Wednesday, October 17, 2007
T-shirts spread awareness of violence against women
By Sarah Malczynski, student writer
To recognize Domestic Violence Awareness Month, the Gender and Sexuality Center (GSC) organized the creation and display of "The Clothesline Project" on Monday, Oct. 15 in the Exhibit Lounge of the Oakland Center.
|T-shirts hang on clotheslines as part of "The Clothesline Project," which builds awareness of violence against women.|
Through the national Clothesline Project program, survivors of abuse and their loved ones are encouraged to create t-shirts with a design or message that helps them communicate their experience. The shirts are then hung on a public and prominently displayed clothesline in an effort to raise awareness of violence against women and to provide an avenue for healing.
The Clothesline Project was started in Massachusetts in 1990, and has since spread all over the country, advocating support for victims of violence.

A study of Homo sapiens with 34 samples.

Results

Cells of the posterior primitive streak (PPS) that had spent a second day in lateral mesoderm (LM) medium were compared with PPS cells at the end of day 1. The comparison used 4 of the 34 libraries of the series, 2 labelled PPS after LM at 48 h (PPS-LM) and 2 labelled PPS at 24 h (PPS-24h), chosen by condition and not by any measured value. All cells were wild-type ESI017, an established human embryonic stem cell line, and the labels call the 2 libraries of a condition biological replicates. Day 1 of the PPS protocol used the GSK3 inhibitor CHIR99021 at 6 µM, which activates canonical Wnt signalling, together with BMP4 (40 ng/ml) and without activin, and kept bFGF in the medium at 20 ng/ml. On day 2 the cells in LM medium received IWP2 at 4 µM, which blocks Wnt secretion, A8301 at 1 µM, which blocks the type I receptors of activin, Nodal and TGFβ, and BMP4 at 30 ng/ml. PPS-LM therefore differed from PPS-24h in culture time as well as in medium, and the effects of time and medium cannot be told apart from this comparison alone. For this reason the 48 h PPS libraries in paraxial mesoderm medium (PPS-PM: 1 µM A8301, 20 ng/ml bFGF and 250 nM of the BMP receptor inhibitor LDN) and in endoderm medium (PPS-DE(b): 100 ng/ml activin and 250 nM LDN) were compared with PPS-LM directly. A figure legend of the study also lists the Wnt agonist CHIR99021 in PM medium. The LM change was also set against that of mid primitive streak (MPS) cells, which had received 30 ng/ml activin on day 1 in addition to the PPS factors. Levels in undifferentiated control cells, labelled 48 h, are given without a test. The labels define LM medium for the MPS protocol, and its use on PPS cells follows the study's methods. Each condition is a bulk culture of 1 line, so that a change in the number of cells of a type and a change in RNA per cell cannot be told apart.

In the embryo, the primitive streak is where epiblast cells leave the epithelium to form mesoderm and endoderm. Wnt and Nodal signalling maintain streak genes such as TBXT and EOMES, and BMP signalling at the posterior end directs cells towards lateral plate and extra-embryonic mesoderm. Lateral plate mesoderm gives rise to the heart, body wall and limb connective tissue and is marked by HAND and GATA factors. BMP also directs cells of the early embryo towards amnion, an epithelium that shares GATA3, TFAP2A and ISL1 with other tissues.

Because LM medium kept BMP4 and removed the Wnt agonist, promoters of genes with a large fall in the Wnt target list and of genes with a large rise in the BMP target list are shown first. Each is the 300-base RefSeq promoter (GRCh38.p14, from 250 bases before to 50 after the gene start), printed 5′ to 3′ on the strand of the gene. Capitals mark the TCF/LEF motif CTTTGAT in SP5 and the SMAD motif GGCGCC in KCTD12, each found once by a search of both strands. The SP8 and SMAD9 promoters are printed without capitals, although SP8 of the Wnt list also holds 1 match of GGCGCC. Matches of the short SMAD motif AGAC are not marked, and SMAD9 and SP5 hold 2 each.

In addition to the clothesline of t-shirts, information was available to the OU community in the form of statistics of violence against women, resources for victims of abuse, and upcoming events in Southeast Michigan organized by the Gender and Sexuality Center and the Women’s Issue Forum (WIF). GSC Coordinator Joann Bautti-Roche was on hand to address questions that passers-by had and to encourage students to join organizations that help spread awareness.
“The Clothesline Project honors women survivors as well as victims of intimate violence. Any woman who has experienced such violence, at any time in her life, is encouraged to come forward and design a shirt. Members of our own OU community have already shared their stories and are encouraging others to do the same, to spread the message that violence and abuse will not be tolerated,” Bautti-Roche stated.
The Clothesline Project philosophy draws connections between violence against women and other crimes of discrimination including homophobia and racism. The exhibit was coordinated by the Gender and Sexuality Center, which aims to provide “services and education on issues of gender and sexuality for the Oakland University community through resources, referrals, programs and advocacy.”
For more information about the Clothesline Project, visit the Clothesline Project Web site.
For more information about the Gender and Sexuality Center, contact Joann Bautti-Roche at email@example.com or visit the Gender and Sexuality Center Web site.